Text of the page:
ECMWF meets its users: UEF 2018

Anna Ghelli


This year’s Using ECMWF’s Forecasts meeting (UEF) was attended by a record 120 participants. It took place at the Centre from 5 to 8 June. The UEF offers an opportunity to learn about ECMWF’s plans and new products and services. It also fosters networking and experience-sharing among participants. As in previous years, a dedicated session provided an opportunity to give feedback on ECMWF data and products.

The meeting included presentations, posters and demonstrations. Participants showed and tried out software or services developed at institutions in ECMWF’s Member and Co-operating States and at ECMWF, including the Copernicus services implemented by the Centre.

The only limit is your imagination

Weather data must be transformed into relevant information to be used in decision-making processes. The theme of this year’s UEF was that ‘the only limit is your imagination’ when turning weather data into useful information. For example, indices highlighting favourable conditions for flu outbreaks can help people to make informed decisions regarding their health and well-being; probabilities of winds being above or below specified thresholds are useful in wind farm management; and probabilities of occurrence of specified weather scenarios can help farmers to minimise damage due to mildew on vineyards. These are just a few of the applications that were presented during the UEF. The meeting also looked at how experiencing a severe weather event in virtual reality could support decision-making and how infographics can be used to communicate forecast confidence. The overall focus was on two thematic areas: processing model outputs and impact forecasting.

Poster session. The UEF 2018 meeting provided many opportunities for forecast users to exchange information and seek new collaborations.

Meeting highlights

ECMWF Director of Forecasts Florian Pappenberger presented recent developments in physical parametrization, data assimilation and ocean–atmosphere coupling. He also mentioned improvements in Copernicus Climate Change Service (C3S) and Copernicus Atmosphere Monitoring Service (CAMS) open-data forecast products, the availability of global hydrological forecasts (Global Flood Awareness System - GloFAS) and the newly set up service to provide fire danger indices.

A talk on ECMWF forecast product development presented among other things the Centre’s new lightning density products and a new product to show the vertical structure of the atmosphere at a point. Irina Sandu (ECMWF) presented the ‘Understanding uncertainties in the surface–atmosphere exchange’ (USURF) project, which aims to better understand the causes of the observed biases in near-surface parameters. Laura Ferranti (ECMWF) showed a set of new products which are being developed to monitor the quality of predictions of seasonal transitions in the medium and extended ranges.

Applications of ECMWF data presented by weather companies included supporting African farmers by providing them with local weather forecasts, and coupling an eddy-resolving model with ECMWF data to resolve small-scale phenomena like turbulence for applications such as wind turbine planning and management.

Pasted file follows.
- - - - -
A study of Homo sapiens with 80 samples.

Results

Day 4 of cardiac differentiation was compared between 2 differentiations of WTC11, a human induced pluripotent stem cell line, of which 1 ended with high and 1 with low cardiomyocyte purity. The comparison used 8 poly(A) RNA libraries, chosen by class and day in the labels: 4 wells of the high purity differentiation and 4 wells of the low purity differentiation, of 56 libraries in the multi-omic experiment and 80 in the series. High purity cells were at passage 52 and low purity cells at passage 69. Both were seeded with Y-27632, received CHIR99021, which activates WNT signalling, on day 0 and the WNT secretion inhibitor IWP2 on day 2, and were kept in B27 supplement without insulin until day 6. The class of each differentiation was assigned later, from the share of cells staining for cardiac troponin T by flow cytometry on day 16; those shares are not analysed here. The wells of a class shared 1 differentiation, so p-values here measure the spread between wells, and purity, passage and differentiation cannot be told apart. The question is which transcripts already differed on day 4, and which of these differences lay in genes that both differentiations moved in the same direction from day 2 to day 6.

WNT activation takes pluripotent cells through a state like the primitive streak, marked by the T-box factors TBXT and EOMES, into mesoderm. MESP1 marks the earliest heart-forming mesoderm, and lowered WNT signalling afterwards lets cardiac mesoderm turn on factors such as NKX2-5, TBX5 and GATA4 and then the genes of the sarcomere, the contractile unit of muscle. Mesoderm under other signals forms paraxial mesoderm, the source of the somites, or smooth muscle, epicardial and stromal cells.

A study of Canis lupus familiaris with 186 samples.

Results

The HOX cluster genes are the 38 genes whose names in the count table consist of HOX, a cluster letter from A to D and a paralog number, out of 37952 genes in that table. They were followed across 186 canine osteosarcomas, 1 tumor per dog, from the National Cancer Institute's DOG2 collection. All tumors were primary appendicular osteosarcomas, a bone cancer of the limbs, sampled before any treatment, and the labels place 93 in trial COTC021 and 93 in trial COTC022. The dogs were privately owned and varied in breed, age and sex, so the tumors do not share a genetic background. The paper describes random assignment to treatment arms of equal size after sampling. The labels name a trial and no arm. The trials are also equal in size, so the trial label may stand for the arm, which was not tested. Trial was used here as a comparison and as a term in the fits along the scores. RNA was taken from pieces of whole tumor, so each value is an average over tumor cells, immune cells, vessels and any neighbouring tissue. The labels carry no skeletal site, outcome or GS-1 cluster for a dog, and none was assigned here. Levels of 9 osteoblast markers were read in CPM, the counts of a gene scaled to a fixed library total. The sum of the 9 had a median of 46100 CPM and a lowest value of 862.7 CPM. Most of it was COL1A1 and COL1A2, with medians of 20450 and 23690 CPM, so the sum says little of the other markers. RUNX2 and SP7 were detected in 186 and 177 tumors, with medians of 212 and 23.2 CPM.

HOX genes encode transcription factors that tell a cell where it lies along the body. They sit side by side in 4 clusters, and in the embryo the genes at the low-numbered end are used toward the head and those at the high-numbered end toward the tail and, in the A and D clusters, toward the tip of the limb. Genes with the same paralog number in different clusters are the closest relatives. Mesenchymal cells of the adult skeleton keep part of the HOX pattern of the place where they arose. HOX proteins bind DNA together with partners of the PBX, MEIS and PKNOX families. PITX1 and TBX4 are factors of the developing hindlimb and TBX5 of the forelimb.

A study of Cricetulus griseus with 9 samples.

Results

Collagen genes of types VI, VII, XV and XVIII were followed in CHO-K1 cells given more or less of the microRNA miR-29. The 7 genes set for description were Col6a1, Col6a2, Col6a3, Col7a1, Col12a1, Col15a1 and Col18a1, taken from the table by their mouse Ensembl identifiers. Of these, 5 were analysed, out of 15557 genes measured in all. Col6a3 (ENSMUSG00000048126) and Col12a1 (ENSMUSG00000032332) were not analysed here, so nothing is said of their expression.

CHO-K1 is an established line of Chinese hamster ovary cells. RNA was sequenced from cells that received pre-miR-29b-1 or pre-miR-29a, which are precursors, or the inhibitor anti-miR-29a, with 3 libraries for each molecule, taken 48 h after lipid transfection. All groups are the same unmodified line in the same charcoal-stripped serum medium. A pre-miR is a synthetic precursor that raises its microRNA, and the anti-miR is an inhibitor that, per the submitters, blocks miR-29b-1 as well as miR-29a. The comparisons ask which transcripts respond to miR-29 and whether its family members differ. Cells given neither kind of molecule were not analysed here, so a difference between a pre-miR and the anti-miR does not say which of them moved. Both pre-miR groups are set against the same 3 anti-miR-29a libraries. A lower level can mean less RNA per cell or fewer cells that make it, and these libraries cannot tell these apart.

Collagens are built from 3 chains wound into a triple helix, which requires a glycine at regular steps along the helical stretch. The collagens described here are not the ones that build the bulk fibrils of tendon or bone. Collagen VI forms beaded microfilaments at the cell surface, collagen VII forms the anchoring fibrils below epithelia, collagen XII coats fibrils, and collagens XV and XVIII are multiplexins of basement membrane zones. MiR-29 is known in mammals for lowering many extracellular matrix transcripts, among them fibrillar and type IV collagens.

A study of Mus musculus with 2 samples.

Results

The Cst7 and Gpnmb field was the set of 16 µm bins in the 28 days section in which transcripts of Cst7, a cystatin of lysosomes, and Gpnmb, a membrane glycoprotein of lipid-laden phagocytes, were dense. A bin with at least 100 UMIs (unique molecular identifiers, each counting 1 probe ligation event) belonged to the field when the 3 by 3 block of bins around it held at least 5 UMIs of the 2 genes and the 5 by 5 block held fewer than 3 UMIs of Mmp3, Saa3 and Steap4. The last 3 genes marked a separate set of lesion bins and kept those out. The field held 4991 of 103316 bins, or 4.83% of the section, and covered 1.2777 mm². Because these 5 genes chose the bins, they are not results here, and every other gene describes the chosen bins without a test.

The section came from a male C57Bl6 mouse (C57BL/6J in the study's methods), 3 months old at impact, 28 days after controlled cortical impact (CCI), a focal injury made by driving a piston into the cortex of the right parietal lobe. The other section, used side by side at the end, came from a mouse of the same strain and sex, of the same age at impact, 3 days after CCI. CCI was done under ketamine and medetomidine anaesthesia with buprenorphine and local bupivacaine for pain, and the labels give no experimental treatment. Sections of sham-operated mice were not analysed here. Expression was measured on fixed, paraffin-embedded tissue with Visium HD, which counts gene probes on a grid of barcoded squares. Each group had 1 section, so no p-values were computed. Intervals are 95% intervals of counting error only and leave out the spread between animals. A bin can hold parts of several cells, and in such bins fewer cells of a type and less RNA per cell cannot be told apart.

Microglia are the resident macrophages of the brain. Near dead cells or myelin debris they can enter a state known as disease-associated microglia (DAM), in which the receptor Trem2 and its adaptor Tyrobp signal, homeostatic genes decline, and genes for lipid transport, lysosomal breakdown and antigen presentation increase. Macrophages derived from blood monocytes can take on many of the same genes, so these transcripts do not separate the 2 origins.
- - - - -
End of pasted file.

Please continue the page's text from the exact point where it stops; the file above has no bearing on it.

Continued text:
A variety of talks showed the use of ECMWF data to support forecasters at national meteorological services in Member and Co-operating States in their duties. Examples of the use of ensemble forecasts to initialise limited-area models and storm surge models were also shown.

Tim Scheitlin from NCAR in the US led a workshop on visualising geoscience data using virtual and augmented reality. Virtual reality (VR) allows the user to be fully immersed in a virtual environment, while augmented reality (AR) enhances the real world with virtual objects. Tim suggested that VR could be used by decision-makers to experience severe weather and understand how their decisions may affect people. UEF participants were able to gain first-hand experience with VR and AR using ECMWF snowfall and snow accumulation products.

Poster sessions

Posters sessions have become a central part of the UEF, with an increasing number of interesting contributions submitted for the meeting. Posters provide an opportunity to engage with other participants who have similar areas of interest and to seek future collaborations.

This year a record number of posters were shown in two sessions. Topics covered included the use of ECMWF’s ensemble forecasts (ENS) for applications in the developing world (Bangladesh, Uganda) to increase resilience and mitigate natural disasters. The quantification of uncertainty by the ENS boosts the value of the forecasts.

There is growing interest in the aviation sector in the use of ECMWF model outputs and products to manage operations at airports and provide flight-specific turbulence forecasts for commercial routes.

A number of posters presented performance assessments of ECMWF forecasts in the medium and extended ranges.

There is a growing number of applications using extended-range forecasts in ECMWF’s Member and Co-operating States. MeteoSwiss presented an application in support of the European HEAT-SHIELD project, which aims to support European workers by providing heat-stress indicators for an early-warning system.